Job losses due to energy crisis would be 'unforgivable' says Keir Starmer in Sheffield
It would be ‘unforgivable’ if short-term energy price rises led to long-term job losses, Sir Keir Starmer said on a visit to a Sheffield steelworks.
The Labour leader slammed the Government for ‘squabbling’ and not talking to industry while energy prices were ‘going through the roof’.
It followed 10 years of government failure ‘to get ahead of the problem’, he said, which had seen a collapse in storage capacity and stalling in the nuclear sector.
If this complacency led to job losses it would be ‘unforgivable,’ he added.
He said: “These are quality jobs in an important sector that still needs to be protected now and into the future. There’s a real sense the government is not prepared to have these conversations.”
Sir Keir spoke to media following a tour of Outokumpu’s SMACC meltshop in Tinsley. It recycles scrap to make ‘semi-finished’ stainless steel products including slab, bloom and billet which are sold to other firms which make finished products.
Loans, grants or other support for energy intensive industries were common in other countries ‘but not here’, the Labour leader added.
“We need a proper plan that has to be part of a three-pronged plan for ‘secure, efficient and affordable’ energy,” he said.
Wholesale gas prices have soared 400 per cent this year, sparking protests and warnings of potential shutdowns and job losses in sectors including steel, glass, ceramics and paper.
Mr Starmer said it was time to ‘diversify at speed,’ adding he supported small modular nuclear reactors, which are being developed in Sheffield.
Shadow chancellor Rachel Reeves said the UK had always been at a competitive disadvantage on energy prices compared to Europe but that gap had increased ‘five-fold in the last few months’.
Industry needs help to get through the winter but ‘government aren’t even listening to them’, she added.
Labour has pledged £3bn to help the steel sector get near to zero carbon by 2035. It recognised the ‘huge benefits’ to the country and business, she said.
Some 280 people work at the Outokumpu site in Tinsley.
Doug Patterson, regional officer for Unite the union, said it could struggle to attract business if energy costs remained high - they are currently 60 per cent cheaper in Europe. As a small part of a large group, management could look elsewhere for the best return on investment.
He added: “Without investment any factory will be looking over its shoulder. The workforce is reasonably optimistic at the moment, they’ve worked most of the way through furlough and there is visibility on orders to this time next year.”
But the sector needed action now, he argued.
He added: “Successive governments have failed to recognise the importance of steel, you can’t have a manufacturing industry without it.
“Otherwise we’re a hostage to foreign supply, as we are with energy from Russia.”
Parts of government had shown they were aware of the issues, he added.
“But whether they have the ability or strength to challenge Boris Johnson, we don’t know,” he said.
Mr Johnson has previously said ‘it’s not government’s job to fix all the problems’, in reference to the gas price crisis and shortage of HGV drivers.
A Department for Business, Energy and Industrial Strategy (BEIS) spokeswoman said they remain committed to working with industry and consumers to keep costs down and identify how they can be allocated in a way that incentivises user behaviour that drives decarbonisation.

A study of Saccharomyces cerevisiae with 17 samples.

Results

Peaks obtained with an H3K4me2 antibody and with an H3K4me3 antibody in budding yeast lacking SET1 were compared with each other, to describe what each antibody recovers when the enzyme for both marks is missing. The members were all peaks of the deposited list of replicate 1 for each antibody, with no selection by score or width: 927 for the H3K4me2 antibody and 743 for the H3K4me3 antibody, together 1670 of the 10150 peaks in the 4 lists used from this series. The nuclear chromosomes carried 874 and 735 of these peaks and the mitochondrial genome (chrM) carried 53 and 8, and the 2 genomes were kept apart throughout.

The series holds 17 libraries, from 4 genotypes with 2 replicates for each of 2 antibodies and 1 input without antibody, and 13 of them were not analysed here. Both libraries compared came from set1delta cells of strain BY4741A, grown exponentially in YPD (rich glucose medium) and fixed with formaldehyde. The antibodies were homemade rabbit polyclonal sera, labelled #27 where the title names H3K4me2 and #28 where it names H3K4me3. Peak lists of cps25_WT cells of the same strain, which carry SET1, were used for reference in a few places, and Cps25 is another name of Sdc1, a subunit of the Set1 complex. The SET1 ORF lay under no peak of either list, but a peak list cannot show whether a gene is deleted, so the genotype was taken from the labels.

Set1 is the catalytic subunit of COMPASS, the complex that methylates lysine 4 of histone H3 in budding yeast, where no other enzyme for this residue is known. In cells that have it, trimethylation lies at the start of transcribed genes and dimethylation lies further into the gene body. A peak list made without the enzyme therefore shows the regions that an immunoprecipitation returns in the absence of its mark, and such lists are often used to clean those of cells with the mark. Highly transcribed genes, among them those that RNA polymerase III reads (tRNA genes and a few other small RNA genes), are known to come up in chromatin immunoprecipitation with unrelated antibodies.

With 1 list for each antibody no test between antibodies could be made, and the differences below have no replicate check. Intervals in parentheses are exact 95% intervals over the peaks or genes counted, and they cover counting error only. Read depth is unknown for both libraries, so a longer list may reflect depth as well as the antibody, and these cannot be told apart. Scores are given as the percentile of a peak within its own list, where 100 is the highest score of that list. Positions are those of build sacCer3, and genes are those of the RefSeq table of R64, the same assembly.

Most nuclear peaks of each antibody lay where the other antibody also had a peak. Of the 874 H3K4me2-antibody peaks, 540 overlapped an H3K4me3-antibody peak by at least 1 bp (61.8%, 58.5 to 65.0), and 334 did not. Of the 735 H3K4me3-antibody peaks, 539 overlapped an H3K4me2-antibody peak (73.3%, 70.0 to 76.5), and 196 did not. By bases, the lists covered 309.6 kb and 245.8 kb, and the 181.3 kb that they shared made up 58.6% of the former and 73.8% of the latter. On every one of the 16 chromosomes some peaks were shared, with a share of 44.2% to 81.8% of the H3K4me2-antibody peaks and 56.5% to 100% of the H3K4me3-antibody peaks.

She added: “We are determined to secure a competitive future for our energy intensive industries, which is why we have provided £2 billion in recent years to help with the costs of energy and to help protect jobs.
“Ministers and officials continue to engage constructively with industry to further understand and to help mitigate the impacts of high global gas prices.
“Some countries in Europe have lower industrial electricity prices in part because some costs are recovered from consumer bills.
“The Government is also reviewing its public procurement rules to better able to meet the needs of this country now we’ve left the European Union.”
Last week, business secretary Kwasi Kwarteng met representatives from energy intensive industries, including steel, cement and chemicals, to discuss high global gas prices as part of his ongoing engagement with industry, she added.
She added: “Our recent and on-going work to support energy intensive industries included providing more than £2 billion since 2013 to make electricity costs more competitive.
“In 2020 this relief was worth over £122 million in compensation for the indirect emissions cost due to the emission trading system and carbon price support mechanism and over £400 million in reduced electricity costs associated with funding Contracts for Difference, Renewables Obligation and Feed In Tariffs.
“The UK Government announced £315 million of funding in the 2018 Autumn Budget for the Industrial Energy Transformation Fund, with the funding available over the period to 2025.
“ The Fund supports businesses with high energy use to cut their bills and reduce carbon emissions. Phase 1 of the programme made up to £70 million available over two separate application windows and businesses were able to apply for support with energy efficiency deployment projects and energy efficiency and deep decarbonisation engineering studies.
“Phase 2 launched on in September, with around £220 million of funding, to be invested in energy efficiency projects but to also support the deployment of ‘deep decarbonisation’ projects.”
The government previously announced a £250m Clean Steel Fund that will support the decarbonisation of the steel sector, supporting its transition to new low carbon technologies and processes.
She added: “We have published details of a steel pipeline on national infrastructure, which are anticipated to require around 5 million tonnes of steel over the next decade.”